Purchasing your own piece of land on which you can build your home from scratch can seem like the ideal situation. In this case, you do not have to choose from a variety of homes that already exist on their own pieces of land but have the chance to choose your own land and build your dream home just as you have imagined on your ideal piece of land.
However, it is important to keep in mind that this process may be a little bit more complicated than you would think. It can be very rewarding, but you should make sure that you know what it entails before doing this.
1. Learn about local zoning laws.
If you have found what you think is your perfect piece of land, it would be a good idea to check on the local zoning ordinances before making any financial commitment. If the piece of land does not meet your stipulations, you will have wasted money. You can find out about the necessary regulations through public records at City Hall or your local zoning office. You will need to keep a few things in mind, including the following:
- Access from the street: Your property needs to be accessible from a street. If a lot happens to be landlocked, you will need to obtain an easement across a neighboring property, meaning you will need to have permission to traverse the neighbor’s property to get to your own.
- Setbacks: You need to keep in mind how far from the property line your structure must be. You need to make sure that you will have enough room to build your dream home, taking the property area and the setbacks into account.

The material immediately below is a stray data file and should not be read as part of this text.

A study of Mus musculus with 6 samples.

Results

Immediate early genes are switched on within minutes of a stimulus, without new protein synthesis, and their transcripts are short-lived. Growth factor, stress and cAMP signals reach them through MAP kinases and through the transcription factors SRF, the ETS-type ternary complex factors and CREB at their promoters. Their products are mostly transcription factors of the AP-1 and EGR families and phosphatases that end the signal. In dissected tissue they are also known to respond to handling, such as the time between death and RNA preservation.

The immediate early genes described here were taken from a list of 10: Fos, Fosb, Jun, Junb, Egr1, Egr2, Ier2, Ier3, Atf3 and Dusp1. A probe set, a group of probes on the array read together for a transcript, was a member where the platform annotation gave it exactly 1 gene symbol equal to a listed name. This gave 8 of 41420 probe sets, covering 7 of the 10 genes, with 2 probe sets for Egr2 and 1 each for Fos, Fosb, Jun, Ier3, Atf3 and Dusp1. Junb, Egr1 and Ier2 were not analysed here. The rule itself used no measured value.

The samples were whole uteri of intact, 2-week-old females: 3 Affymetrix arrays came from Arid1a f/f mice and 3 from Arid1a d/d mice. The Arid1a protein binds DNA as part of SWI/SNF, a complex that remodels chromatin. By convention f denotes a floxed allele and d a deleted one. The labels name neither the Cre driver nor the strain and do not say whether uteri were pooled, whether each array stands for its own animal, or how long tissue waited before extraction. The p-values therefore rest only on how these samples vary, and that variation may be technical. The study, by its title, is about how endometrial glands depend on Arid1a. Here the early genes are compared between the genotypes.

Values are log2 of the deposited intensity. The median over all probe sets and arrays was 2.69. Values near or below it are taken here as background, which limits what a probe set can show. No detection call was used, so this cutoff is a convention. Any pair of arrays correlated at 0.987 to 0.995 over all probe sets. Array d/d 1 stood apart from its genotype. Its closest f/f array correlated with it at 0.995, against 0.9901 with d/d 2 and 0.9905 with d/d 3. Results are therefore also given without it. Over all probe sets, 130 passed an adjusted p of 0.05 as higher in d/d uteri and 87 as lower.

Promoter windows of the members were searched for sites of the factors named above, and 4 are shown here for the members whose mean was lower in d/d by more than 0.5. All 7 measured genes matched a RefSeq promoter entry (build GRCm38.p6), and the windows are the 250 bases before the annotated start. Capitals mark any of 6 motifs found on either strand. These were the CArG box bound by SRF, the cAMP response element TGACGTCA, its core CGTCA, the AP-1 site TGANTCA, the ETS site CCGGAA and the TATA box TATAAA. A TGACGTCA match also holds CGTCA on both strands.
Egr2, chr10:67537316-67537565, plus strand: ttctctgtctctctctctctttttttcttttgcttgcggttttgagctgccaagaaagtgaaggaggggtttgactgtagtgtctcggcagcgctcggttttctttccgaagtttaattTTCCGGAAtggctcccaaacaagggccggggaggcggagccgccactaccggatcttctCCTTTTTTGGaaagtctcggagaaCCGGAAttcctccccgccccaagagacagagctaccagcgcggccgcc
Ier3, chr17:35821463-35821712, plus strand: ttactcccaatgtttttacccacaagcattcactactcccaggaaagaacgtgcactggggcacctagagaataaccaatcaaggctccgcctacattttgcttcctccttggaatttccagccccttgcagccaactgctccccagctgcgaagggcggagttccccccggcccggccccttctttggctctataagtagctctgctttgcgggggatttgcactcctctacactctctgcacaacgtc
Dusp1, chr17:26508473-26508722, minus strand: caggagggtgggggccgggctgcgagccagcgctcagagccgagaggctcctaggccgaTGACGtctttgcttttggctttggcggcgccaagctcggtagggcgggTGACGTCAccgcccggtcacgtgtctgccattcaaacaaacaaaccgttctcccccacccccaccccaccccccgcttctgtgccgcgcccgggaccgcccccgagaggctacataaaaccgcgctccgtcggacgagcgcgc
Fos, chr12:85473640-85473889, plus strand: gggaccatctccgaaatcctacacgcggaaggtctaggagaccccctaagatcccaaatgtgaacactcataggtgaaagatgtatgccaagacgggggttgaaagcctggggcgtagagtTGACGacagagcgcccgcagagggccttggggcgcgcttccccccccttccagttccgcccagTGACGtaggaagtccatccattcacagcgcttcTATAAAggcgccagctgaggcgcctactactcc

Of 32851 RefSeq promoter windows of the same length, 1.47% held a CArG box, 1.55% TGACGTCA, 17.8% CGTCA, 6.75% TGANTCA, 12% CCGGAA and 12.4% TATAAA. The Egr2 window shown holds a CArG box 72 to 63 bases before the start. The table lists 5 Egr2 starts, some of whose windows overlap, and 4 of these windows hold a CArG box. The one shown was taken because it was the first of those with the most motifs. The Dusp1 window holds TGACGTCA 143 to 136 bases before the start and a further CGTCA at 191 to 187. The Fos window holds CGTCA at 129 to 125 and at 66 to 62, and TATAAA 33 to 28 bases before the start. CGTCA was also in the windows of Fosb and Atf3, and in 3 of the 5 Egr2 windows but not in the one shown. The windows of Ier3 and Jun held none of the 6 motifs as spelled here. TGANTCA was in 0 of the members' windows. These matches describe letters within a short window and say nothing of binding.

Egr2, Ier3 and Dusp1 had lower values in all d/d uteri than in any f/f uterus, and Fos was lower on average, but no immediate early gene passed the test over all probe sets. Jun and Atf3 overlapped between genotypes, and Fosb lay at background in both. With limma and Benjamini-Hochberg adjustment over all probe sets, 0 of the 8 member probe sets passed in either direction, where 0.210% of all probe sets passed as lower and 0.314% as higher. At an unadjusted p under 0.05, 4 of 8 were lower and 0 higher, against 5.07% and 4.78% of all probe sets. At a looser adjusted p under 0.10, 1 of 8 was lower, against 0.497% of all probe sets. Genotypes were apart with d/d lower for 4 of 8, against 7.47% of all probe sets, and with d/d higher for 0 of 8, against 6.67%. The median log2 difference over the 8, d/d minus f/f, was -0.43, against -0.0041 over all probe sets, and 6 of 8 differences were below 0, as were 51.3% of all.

- View ordinances: You should keep in mind that there are some local view ordinances that name stop you from adding a second story to your home.
2. Calculate the overall cost.
On average, a plot of land that is intended for building costs about $3,020 per acre. In addition to this, you will need to have a great deal of money if you want to build your home from the ground up. Data from the National Association of Homebuilders shows that the median cost of building a home is $289,415, and you will have additional expenses as well. You will need to obtain a survey, Health Department approval, and the necessary permits. The site will also need to be cleared, graded, and excavated in order for you to be able to start building, which can cost money as well.
3. Figure out which utilities you need.
You will likely want a home that has basic utilities, such as electricity and water. Installing these utilities will cost a great deal of money. You will also need to make sure that the land is suitable for these installations. One example is the installation of a septic system, which is basically needed to remove waste water from your home. A percolation test will be necessary to make sure that the ground is able to absorb water at the necessary rate.
4. Bring in a land planner.
It could be really helpful to hire a land planner in order to verify that this patch of land is suitable for building a home. This individual will be able to take all factors into account and tell you if your project is feasible.
5. Keep finances in mind.
It is easier to walk away from an arrangement to buy a piece of land then it is to walk away from buying a home. As such, there are lenders that require higher down payments on land, as well as higher interest rates and more rigid credit score requirements. You will need to make sure that you are able to fulfill all of these conditions.
Jodi Bakst has been serving the Chapel Hill, Durham, Raleigh area for the last 20 years and was recently recognized as one of the 10 best of 2016 in client satisfaction, by the American Institute of Real Estate Professionals.